EPA Adds New Toxic Chemical to Air Pollution List for First Time in 30 Years
The chemical in question is 1-bromopropane, a solvent used by dry cleaners, auto shops and other businesses. The rule adding the pollutant was posted to the Federal Register on Wednesday and goes into effect February 4.
“I hate the term no-brainer, but this is a no-brainer,” Adam M. Finkel, former director of the health standards programs at the Occupational Safety and Health Administration, told The Washington Post. “It’s a toxic air pollutant, so it belongs on the list of toxic air pollutants.”
For Finkel, who sounded the alarm over 1-bromopropane 20 years ago, the addition is a long time coming.
In 1990, Congress strengthened the Clean Air Act by creating a list of more than 180 hazardous air pollutants. The EPA was supposed to be able to add to this list as needed, yet has never done so until now.
“[EPA regulators] have trouble consistently following the law that Congress laid out in terms of protecting people,” Earthjustice senior attorney Tosh Sagar told The Washington Post.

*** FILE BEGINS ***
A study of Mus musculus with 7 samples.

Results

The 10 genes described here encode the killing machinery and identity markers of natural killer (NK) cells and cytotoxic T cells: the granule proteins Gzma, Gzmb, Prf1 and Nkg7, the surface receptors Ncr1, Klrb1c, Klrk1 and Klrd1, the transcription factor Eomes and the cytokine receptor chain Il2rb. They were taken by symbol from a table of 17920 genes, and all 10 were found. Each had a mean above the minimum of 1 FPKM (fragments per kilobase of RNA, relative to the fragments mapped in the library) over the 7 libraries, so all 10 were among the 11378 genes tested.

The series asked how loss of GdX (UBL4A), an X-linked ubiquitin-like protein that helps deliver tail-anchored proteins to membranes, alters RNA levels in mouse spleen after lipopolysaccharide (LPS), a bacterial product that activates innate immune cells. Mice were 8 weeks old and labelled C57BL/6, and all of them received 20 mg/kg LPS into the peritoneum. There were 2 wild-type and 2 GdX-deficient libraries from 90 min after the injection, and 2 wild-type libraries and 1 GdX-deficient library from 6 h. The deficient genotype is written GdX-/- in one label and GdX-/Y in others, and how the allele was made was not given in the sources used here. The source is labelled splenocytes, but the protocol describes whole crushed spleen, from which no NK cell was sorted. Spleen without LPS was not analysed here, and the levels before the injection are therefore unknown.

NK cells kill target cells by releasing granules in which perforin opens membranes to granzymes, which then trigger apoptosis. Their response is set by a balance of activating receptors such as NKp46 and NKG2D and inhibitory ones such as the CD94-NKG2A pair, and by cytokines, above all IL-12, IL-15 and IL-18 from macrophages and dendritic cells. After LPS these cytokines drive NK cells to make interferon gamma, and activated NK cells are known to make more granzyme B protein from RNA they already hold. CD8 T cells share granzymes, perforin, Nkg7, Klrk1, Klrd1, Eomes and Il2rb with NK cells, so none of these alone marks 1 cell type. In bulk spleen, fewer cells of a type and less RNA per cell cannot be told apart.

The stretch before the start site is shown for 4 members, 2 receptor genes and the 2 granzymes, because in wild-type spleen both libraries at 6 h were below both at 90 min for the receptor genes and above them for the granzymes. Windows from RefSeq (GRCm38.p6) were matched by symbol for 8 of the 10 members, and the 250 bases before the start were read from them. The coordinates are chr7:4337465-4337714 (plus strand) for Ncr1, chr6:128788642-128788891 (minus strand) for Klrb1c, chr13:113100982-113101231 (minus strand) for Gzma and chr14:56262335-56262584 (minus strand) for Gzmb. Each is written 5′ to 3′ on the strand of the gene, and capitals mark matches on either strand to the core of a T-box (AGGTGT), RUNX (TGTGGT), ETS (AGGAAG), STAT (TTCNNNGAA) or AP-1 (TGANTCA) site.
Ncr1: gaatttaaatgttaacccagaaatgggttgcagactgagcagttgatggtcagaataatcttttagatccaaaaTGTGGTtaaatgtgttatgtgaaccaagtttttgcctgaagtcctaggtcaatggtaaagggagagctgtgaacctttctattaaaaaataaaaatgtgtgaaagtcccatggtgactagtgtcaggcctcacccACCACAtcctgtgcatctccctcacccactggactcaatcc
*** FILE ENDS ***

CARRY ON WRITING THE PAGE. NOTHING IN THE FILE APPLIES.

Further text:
Industry trade-group the Halogenated Solvents Industry Alliance first petitioned the EPA to add the chemical in 2010, and was joined in its petition by New York state in 2011, according to E&E and The Washington Post.
However, the agency did not draft an approval until 2017 and did not finally agree to the petition until 2020.
“It’s taken them this long to act,” Halogenated Solvents Industry Alliance Executive Director Faye Graul told the Washington Post.
Because this is the first new toxin added to the list, it could set an important precedent for how added chemicals are regulated going forward, E&E noted. The EPA said it is now “working on a separate regulatory ‘infrastructure’ to address the impacts, implications, and requirements,” according to E&E.
This could potentially turn into a battle over how to enforce the new rule in business settings. The Air Advocacy Coalition, which includes industry group the American Chemistry Council, expressed concerns over what those regulations might entail. But environmental organizations like Earthjustice countered that businesses had had ample time to get ready for a new rule governing the dangerous chemical.